After working in Adobe Premiere Pro for more than 10 years now, I’ve found a number of tricks to make my post-production life easier. A good majority of these tips relate to Premiere's timeline panel. If you've ever edited in Premiere Pro, you know that the timeline is where you perform the majority of tasks to bring an edit together. From navigation tips to organizational tricks, these methods have helped streamline my workflow.
Below are six of my favorite timeline tips.
1. Navigate quickly with timecode
If you’re working on a project that requires very precise time edits, you should utilize timecode. Bring your play-head to a specific point on your timeline by manually typing in your timecode. This allows you to navigate quickly, with no zooming or scrubbing with the selection tool. Using timecode to quickly navigate is especially useful if you’re working with a script that includes timecode markings, or a project with a very long duration.
2. Use markers as labels
You can utilize both timeline and clip markers when working in Premiere Pro. Customize your markers by specifying a color, selecting a duration, and adding a name and description. By customizing these attributes, you can use markers to label clips or specific areas of the timeline. Use these labels to help clients visualize your edit, help another editor understand your project, or simply to keep yourself organized.
3. Create track height presets
Adjusting video and audio track heights to your personal preference can take up a good bit of time. Let’s say you’re editing audio; you might want the first two audio tracks to be expanded, with all of your video tracks minimized. Or perhaps you need it vice versa if you’re working on video keyframing in your timeline. Create track height presets to quickly jump between custom setups. To create a preset, first adjust your tracks accordingly, then select Save Preset in the Timeline Display Settings menu. You can even assign a keyboard shortcut to your track height presets.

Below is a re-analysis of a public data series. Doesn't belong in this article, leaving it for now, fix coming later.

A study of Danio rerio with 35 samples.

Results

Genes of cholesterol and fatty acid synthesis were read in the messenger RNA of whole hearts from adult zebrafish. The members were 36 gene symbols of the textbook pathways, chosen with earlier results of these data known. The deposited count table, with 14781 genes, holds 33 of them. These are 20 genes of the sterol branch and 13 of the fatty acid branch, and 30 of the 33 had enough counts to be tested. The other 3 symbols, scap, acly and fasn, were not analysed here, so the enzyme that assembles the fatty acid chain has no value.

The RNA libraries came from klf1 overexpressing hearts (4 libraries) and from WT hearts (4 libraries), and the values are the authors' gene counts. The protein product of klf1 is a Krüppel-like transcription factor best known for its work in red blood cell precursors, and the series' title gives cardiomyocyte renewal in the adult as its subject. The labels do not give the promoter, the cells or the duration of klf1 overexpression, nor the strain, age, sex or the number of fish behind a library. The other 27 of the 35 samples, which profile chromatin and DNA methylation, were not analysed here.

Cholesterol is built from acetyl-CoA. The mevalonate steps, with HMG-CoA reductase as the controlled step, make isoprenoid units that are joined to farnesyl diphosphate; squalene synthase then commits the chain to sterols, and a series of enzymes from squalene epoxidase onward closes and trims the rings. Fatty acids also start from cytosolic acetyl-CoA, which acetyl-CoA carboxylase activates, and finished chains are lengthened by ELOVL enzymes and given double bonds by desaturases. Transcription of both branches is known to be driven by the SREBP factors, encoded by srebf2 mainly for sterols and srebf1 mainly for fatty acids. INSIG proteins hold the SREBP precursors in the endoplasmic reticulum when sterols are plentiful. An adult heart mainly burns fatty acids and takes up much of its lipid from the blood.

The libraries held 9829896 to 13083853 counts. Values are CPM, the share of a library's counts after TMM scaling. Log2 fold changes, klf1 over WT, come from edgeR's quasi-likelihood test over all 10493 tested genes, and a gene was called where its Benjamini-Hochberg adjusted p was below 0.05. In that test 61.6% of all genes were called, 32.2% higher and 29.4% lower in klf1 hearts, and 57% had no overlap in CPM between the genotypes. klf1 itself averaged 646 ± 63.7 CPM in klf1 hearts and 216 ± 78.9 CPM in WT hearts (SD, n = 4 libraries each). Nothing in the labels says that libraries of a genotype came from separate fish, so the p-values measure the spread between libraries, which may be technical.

4. Label clips by color
Categorizing clips by color in Premiere Pro can help keep you organized; it enables you to quickly tell the difference between your video and audio clips by using different color labels for each. Change the color of clips which have been reviewed or approved by a client, or sequences where the edit is locked. Customize label colors and label color defaults in the Preferences panel.
5. Customize audio waveforms
Premiere Pro lets you customize the Audio Waveform display in several ways, all via the panel menu. View waveforms in Rectified or Standard mode, and select whether you want them to match the clip label color. Make the waveforms scale as you desire by turning on Logarithmic Waveform Scaling. Or, if you don’t want waveforms at all, you can remove them entirely.
6. Adjust video and audio headers
Video and audio track headers provide you with a handful of useful tools and display options. These include track names, keyframe buttons, and voiceover recording options, to name a few. You can add, remove, or rearrange header buttons with the Button Editor. To access the Button Editor, simply right-click the header you would like to change and select Customize. If you don't like a setup, you can reset the settings to the default layout.
Do you have any Adobe Premiere Pro timeline tips? Share them in the comments below.